Raspberry Pi vs USB vs Mac Audio


The audio hardware of Raspberry Pi is known to produce relatively poor sound quality. I bought a cheap USB sound card to try as an alternative. Here is what I found.

This is how the USB card was identified by the Raspberry Pi kernel.

usb 1-1.4: new full-speed USB device number 21 using dwc_otg
usb 1-1.4: New USB device found, idVendor=0d8c, idProduct=013a
usb 1-1.4: New USB device strings: Mfr=1, Product=2, SerialNumber=0
usb 1-1.4: Product: USB PnP Sound Device
usb 1-1.4: Manufacturer: C-Media Electronics Inc.
input: C-Media Electronics Inc.       USB PnP Sound Device as /devices/platform/bcm2708_usb/
hid-generic 0003:0D8C:013A.0007: input,hidraw0: USB HID v1.00 Device [C-Media Electronics
Inc.       USB PnP Sound Device] on usb-bcm2708_usb-1.4/input3

USB audio card I listened to some music pieces both with the Raspberry Pi audio output and with the USB device, but I could not discern a big difference. I therefore recruited a volunteer to conduct a series of simple a/b tests. Again, the test results were inconclusive, so we decided to look at produced waveforms with an oscilloscope.

The first measurement was of an A440 tone (440 Hz, musical note A above middle C). I produced that on the Pi with the following commands.

speaker-test -t sine -f 14080 -Ddefault:CARD=ALSA
speaker-test -t sine -c 2 -f 14080 -Dfront:CARD=Device,DEV=0
The two outputs looked roughly the same; in fact the output from the USB card appeared to come from a worse filter than that of the Pi. Therefore, I also measured the sound output of a Apple MacBook Pro laptop. I produced the corresponding tone with Audacity's Generate - Tone command. Here is the output of the three audio outputs playing an A440 tone. (You can click on each image to view it in greater detail.)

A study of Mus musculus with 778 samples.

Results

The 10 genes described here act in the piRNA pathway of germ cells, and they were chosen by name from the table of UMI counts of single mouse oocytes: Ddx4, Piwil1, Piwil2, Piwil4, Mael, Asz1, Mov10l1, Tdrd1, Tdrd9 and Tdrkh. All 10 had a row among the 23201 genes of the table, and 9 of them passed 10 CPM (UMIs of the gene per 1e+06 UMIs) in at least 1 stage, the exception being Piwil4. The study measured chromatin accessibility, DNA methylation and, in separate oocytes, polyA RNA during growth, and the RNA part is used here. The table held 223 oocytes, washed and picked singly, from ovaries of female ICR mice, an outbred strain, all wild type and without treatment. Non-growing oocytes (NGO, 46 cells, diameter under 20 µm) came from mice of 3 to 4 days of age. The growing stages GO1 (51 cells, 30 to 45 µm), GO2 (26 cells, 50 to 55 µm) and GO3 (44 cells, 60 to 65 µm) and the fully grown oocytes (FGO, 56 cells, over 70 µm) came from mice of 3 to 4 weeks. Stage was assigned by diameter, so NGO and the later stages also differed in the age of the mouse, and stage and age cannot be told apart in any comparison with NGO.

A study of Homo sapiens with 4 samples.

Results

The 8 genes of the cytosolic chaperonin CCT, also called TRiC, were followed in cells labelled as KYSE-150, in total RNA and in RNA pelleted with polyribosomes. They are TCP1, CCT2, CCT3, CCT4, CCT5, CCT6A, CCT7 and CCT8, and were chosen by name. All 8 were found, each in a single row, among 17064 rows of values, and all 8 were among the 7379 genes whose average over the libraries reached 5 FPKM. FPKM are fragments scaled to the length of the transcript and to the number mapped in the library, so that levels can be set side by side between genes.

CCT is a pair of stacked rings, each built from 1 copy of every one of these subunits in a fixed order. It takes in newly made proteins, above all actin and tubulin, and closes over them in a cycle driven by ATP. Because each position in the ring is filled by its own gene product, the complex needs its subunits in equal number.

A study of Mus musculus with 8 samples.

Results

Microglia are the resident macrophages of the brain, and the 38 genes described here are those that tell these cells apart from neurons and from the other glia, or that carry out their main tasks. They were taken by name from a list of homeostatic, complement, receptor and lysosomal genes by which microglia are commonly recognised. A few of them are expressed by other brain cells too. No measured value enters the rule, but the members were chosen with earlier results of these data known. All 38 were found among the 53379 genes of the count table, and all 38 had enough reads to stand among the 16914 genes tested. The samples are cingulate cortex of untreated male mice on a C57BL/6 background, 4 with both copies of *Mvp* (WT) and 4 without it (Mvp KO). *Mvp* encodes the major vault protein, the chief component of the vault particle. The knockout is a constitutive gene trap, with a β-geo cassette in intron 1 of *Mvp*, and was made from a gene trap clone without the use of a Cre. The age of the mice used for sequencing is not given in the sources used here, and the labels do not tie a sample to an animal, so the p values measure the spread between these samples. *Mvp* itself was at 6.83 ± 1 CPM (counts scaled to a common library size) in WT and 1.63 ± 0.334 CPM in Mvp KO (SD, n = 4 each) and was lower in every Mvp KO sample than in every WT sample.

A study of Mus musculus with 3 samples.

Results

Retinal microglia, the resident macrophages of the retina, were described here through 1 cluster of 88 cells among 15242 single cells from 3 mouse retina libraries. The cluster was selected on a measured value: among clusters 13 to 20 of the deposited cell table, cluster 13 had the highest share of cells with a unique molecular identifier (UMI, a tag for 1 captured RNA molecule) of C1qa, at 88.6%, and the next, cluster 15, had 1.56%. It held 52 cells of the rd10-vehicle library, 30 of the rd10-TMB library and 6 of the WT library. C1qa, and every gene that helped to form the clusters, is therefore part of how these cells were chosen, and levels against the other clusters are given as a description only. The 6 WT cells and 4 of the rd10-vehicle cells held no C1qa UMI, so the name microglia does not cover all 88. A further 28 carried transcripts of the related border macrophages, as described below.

440 Hz tone from a Raspberry Pi 440 Hz tone from a USB device 440 Hz tone from a MacBook Pro
Raspberry Pi USB device MacBook Pro

After more careful reading, I found that the problem with the Raspberry Pi PWM output was apparent at higher frequencies. Therefore, I moved five octaves higher, and looked at the output at 14080 Hz. Here are the results.
14080 Hz tone from a Raspberry Pi 14080 Hz tone from a USB device 14080 Hz tone from a MacBook Pro
Raspberry Pi USB device MacBook Pro
The results look again sine-wave-like, with the Raspberry Pi and the USB audio device exhibiting some notches along each wave. My first interpretation of the results was that these notches demonstrated the problem I had read regarding the Raspberry Pi sound quality. I then noticed that the Mac appeared to be outputting a higher frequency that the other two audio outputs. I checked whether I had set a different timescale when I measured the Mac, but the X axis was the same, 1 ms, for all three measurements. My next thought was that I had bungled Audacity's tone generation. By counting the cycles, it became apparent that the Mac was in fact outputting a tone of about 14 kHz (as expected), but the other two devices were in fact producing a tone of about 5 kHz. I verified this by listening to both tones; in retrospect I could have done that without resorting to oscilloscope measurements.

The moral of the story is that the Raspberry Pi output isn't great, but it's not worse than what you get from a cheap USB audio card. Will this affect my use of the Raspberry Pi as a media player? I'm not sure. While reading on the topic I found the following great quote.

A music lover listens to music with his sound system.
An audiophile listens to his sound system with music.